Making Central Oregon a better place to live; Bright ideas for a changing community

click to enlarge COURTESY CATE O'HAGAN
  • Courtesy Cate O'Hagan
Creativity patched many of us through the pandemic. If we were among those who accomplished nothing, we were, quite possibly, gestating ideas. Meanwhile, the thrum of maker and artisan industry continued on. Our very vibrant maker and performer scene here is in no danger of diminishing any time soon, as long as there are places for artists to live and work. Keep an ear tuned to proposed discussions about the formation of a cultural district that might offer part of a remedy. Some day. Meanwhile, buy local art. Tip your musician.

From a regional cultural development perspective, opportunities for elevating our collective aesthetic IQ are on the horizon. Our new main branch library will be built to embrace performance and visual arts, just as the library will continue to do throughout its extensive branch library system (which will, by the way, remain intact). Congratulations are in order to the High Desert Museum for recently receiving the nation's highest honor given to museums and libraries that make significant and exceptional contributions to their communities. And pay very close attention to this: The Oregon-based Roundhouse Foundation gave the museum $6 million for exhibit and program upgrades, including providing the eastern side of the state with its first dedicated art museum. Having spent about a decade as a department head in art museums, I can tell you that running an art museum is a very different animal than operating a changing exhibit gallery. It is in fact a daunting undertaking that will require the informed pursuit of the best expertise the art museum field has to offer.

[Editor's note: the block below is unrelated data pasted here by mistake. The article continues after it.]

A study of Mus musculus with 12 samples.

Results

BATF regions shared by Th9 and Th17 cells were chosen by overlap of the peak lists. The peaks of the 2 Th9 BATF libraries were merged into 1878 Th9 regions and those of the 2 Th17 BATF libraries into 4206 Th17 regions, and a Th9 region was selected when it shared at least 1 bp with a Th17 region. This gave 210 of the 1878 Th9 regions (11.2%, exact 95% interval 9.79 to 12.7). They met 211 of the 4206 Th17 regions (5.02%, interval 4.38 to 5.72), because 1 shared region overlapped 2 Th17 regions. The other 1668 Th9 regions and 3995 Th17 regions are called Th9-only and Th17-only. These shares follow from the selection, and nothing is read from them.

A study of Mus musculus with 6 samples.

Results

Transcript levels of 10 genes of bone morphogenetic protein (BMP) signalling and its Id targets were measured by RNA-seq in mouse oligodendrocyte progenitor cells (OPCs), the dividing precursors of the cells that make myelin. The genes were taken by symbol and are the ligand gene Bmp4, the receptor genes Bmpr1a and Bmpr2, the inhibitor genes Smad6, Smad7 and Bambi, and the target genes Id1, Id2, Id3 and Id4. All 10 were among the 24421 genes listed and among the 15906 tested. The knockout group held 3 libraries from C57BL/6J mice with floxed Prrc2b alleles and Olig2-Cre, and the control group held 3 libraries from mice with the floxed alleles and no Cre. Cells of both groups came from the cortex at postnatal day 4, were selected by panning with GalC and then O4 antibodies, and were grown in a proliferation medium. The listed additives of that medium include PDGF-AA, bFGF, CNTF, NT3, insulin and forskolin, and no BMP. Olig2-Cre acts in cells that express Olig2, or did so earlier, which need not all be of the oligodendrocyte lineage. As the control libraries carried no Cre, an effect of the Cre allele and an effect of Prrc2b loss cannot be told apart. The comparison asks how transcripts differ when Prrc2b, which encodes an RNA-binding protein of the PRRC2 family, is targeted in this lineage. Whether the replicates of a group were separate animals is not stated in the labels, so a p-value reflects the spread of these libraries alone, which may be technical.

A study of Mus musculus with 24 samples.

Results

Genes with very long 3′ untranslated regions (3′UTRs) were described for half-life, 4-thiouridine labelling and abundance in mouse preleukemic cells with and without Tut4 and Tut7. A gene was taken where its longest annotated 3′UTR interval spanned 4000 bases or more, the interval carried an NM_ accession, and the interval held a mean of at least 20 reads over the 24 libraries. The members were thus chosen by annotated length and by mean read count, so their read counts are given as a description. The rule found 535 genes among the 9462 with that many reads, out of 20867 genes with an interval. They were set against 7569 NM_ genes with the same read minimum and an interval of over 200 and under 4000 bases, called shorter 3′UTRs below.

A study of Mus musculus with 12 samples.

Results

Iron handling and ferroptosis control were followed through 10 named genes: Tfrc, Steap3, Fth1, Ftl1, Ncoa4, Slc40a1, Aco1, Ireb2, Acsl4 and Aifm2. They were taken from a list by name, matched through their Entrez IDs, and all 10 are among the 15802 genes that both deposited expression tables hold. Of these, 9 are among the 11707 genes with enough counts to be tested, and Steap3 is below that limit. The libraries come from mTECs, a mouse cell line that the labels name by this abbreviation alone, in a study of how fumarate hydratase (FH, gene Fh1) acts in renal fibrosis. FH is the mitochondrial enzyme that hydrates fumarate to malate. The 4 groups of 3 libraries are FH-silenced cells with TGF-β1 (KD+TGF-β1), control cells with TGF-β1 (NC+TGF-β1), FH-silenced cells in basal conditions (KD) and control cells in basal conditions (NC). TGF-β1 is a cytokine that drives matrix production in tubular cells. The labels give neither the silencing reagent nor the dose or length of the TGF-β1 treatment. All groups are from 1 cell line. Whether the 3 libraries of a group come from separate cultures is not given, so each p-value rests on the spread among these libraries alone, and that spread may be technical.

—After serving for 20 years in senior staff positions in art museums in Portland, Oregon and Washington, D.C. for the Oregon Symphony, Oregon Ballet and others, Cate saddled up and headed to Central Oregon where she worked for the Museum at War Springs, then as executive director for Arts Central, where she founded the region's first nonprofit art school, the Art Stations.